Explore the Aspen Dental blog for more guidance and oral hygiene tips.
⁴For new patients that do not have dental insurance. New patients must be 21 or older to receive free exam and x-rays, a minimum $80 value; value of the savings will vary based on doctor recommendation. Discounts cannot be combined with other offers or dental discount plans....More
⁵Not valid for orthodontia, previous or ongoing work and cannot be combined with other discounts or dental discount programs. Discount taken off usual and customary fees for general dentistry services and does not apply to services rendered by a specialist.
Causes of halitosis, or bad breath, include infrequent brushing and flossing, gum disease, dry mouth, smoking, and diet. You can combat chronic halitosis by using a tongue scraper, chewing sugarless gum, gargling with mouthwash, and drinking plenty of water. Always follow good oral hygiene guidelines, which include regular brushing and flossing.
Did you know? Halitosis is the third most frequent reason for seeing a dentist, after tooth decay and periodontal diseases.
A cavity is a hole in the tooth caused by decay. Cavities occur after decay has worn away the tooth enamel. The best way to prevent tooth decay and cavities is by brushing twice a day, flossing daily, and visiting your dentist regularly. Eat healthy foods and avoid foods and beverages high in sugar. Learn more about cavities.
Saliva is needed to help protect against cavities by washing away food debris and controlling bacteria in your mouth. Dry mouth is caused by the reduced flow of saliva. Symptoms of dry mouth include hoarseness, persistent sore throat, problems swallowing, and dry nasal passages. Certain medications and diseases can cause dry mouth. Smoking or chewing tobacco can aggravate dry mouth conditions.
For guidance on how to further prevent dry mouth, contact your dental hygienist or dentist for recommended strategies and products.
A daily routine that maintains good oral hygiene is key for great overall oral health. By sustaining a routine with consistent home care and biyearly checkups, you can prevent things like cavities, periodontal disease and mouth sores and spots, and catch mouth and throat cancer with early detection. Learn more about great oral hygiene or explore more dental terms.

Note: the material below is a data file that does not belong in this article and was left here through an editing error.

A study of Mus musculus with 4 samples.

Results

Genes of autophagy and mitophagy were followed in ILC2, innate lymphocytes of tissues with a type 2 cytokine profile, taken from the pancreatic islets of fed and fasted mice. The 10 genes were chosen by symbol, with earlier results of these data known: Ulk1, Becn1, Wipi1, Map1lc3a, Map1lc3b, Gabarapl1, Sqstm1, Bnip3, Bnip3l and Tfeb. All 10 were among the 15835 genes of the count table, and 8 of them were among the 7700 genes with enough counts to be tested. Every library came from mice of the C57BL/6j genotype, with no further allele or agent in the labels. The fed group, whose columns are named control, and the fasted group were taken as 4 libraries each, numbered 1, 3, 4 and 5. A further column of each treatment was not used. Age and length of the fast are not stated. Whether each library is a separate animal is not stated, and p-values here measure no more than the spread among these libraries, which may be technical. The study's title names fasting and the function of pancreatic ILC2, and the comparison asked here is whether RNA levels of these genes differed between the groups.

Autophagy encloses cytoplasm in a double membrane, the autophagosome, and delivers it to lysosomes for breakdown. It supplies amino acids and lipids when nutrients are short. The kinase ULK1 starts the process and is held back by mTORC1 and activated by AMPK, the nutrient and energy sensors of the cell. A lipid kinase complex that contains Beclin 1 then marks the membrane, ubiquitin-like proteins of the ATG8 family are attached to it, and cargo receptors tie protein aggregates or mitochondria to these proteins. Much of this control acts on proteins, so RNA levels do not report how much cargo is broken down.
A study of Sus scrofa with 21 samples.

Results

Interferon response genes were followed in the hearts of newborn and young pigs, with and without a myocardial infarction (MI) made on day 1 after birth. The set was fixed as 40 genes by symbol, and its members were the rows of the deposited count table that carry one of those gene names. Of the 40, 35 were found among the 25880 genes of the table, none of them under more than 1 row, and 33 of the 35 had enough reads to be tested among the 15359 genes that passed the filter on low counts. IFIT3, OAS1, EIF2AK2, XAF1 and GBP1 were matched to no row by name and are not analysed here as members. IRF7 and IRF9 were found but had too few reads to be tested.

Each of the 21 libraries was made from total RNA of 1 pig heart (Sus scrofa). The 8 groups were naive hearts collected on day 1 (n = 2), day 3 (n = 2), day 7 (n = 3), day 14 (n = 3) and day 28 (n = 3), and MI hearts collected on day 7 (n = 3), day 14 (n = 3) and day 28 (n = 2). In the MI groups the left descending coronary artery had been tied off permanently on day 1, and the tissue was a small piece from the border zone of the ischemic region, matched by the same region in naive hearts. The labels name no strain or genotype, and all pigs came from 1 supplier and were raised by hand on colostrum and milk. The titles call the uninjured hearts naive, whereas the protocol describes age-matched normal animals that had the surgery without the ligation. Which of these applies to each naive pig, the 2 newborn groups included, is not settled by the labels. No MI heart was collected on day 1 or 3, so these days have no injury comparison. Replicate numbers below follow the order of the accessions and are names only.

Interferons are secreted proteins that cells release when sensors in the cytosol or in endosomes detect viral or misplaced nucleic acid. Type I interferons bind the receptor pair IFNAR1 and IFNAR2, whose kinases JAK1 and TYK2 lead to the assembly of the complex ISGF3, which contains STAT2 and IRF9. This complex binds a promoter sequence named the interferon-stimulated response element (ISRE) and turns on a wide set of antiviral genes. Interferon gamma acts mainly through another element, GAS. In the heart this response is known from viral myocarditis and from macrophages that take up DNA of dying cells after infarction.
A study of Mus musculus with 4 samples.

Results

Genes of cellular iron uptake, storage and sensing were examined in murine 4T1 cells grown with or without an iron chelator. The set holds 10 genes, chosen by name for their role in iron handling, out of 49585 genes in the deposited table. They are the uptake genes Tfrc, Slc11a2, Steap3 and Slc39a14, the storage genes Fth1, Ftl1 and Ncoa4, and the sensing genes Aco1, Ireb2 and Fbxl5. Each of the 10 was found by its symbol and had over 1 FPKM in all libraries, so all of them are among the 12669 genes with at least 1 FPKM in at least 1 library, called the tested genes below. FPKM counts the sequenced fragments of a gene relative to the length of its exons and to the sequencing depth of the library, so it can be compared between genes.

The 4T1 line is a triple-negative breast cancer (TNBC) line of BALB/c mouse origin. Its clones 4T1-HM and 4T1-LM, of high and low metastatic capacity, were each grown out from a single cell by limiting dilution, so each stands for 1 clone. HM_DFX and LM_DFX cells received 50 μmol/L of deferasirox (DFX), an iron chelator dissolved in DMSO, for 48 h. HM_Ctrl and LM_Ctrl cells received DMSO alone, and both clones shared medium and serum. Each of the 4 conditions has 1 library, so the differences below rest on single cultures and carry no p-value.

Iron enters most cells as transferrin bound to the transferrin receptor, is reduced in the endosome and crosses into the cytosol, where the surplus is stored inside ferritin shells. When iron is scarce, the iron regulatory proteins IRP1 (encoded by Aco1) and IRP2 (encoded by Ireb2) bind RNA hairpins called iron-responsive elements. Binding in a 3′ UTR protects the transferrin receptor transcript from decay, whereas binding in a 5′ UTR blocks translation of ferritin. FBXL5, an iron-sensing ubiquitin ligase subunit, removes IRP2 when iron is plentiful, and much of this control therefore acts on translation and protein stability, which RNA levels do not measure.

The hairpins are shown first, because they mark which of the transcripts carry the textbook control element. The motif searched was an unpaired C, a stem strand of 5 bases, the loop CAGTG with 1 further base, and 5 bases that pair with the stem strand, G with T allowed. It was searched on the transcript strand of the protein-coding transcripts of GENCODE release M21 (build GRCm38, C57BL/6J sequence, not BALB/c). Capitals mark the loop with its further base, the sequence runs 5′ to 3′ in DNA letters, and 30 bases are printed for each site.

Did you know? Gum disease is the #1 cause of adult tooth loss in the U.S.
The temporomandibular joint connects the lower jaw to the bone on each side of the head and is stabilized by muscles that make it possible to open and close the mouth. Severe pain, discomfort, or tenderness in or around the joint is called TMJ or TMD disorder. Common symptoms of TMJ disorder include:
Tenderness or pain in the face, jaw, and ear
Chewing difficulty or discomfort
Painful clicking of the jaw
Difficulty opening or closing the mouth
Locking jaw or teeth that don't come together properly while biting or chewing
Tooth sensitivity is very common and is often triggered by hot or cold beverages and foods, as well as sweets. Some people also notice sensitivity from brushing or flossing. It is often treated with fluoride treatments that can help strengthen the enamel and decrease your sensitivity. Also, ask your dentist or hygienist about toothpaste made especially for sensitive teeth.
Tooth erosion is the wearing away of tooth enamel by acid. If erosion is left untreated, it can cause pain, weakening of the tooth structure, tooth fractures, and tooth loss. To protect against tooth erosion, brush with a soft toothbrush and fluoridated toothpaste, floss regularly, have regular dental cleanings and check-ups, and avoid sugary foods. Also, try using a straw when drinking carbonated beverages or other sweet drinks, such as natural fruit juices, which are very acidic and can wear away tooth enamel.
Smokers and tobacco users are at greater risk of developing oral cancer and gum disease. In addition, tobacco products cause permanent stains, which cannot be removed by brushing, and it can also cause a heavy build-up of tartar, requiring more frequent dental cleanings.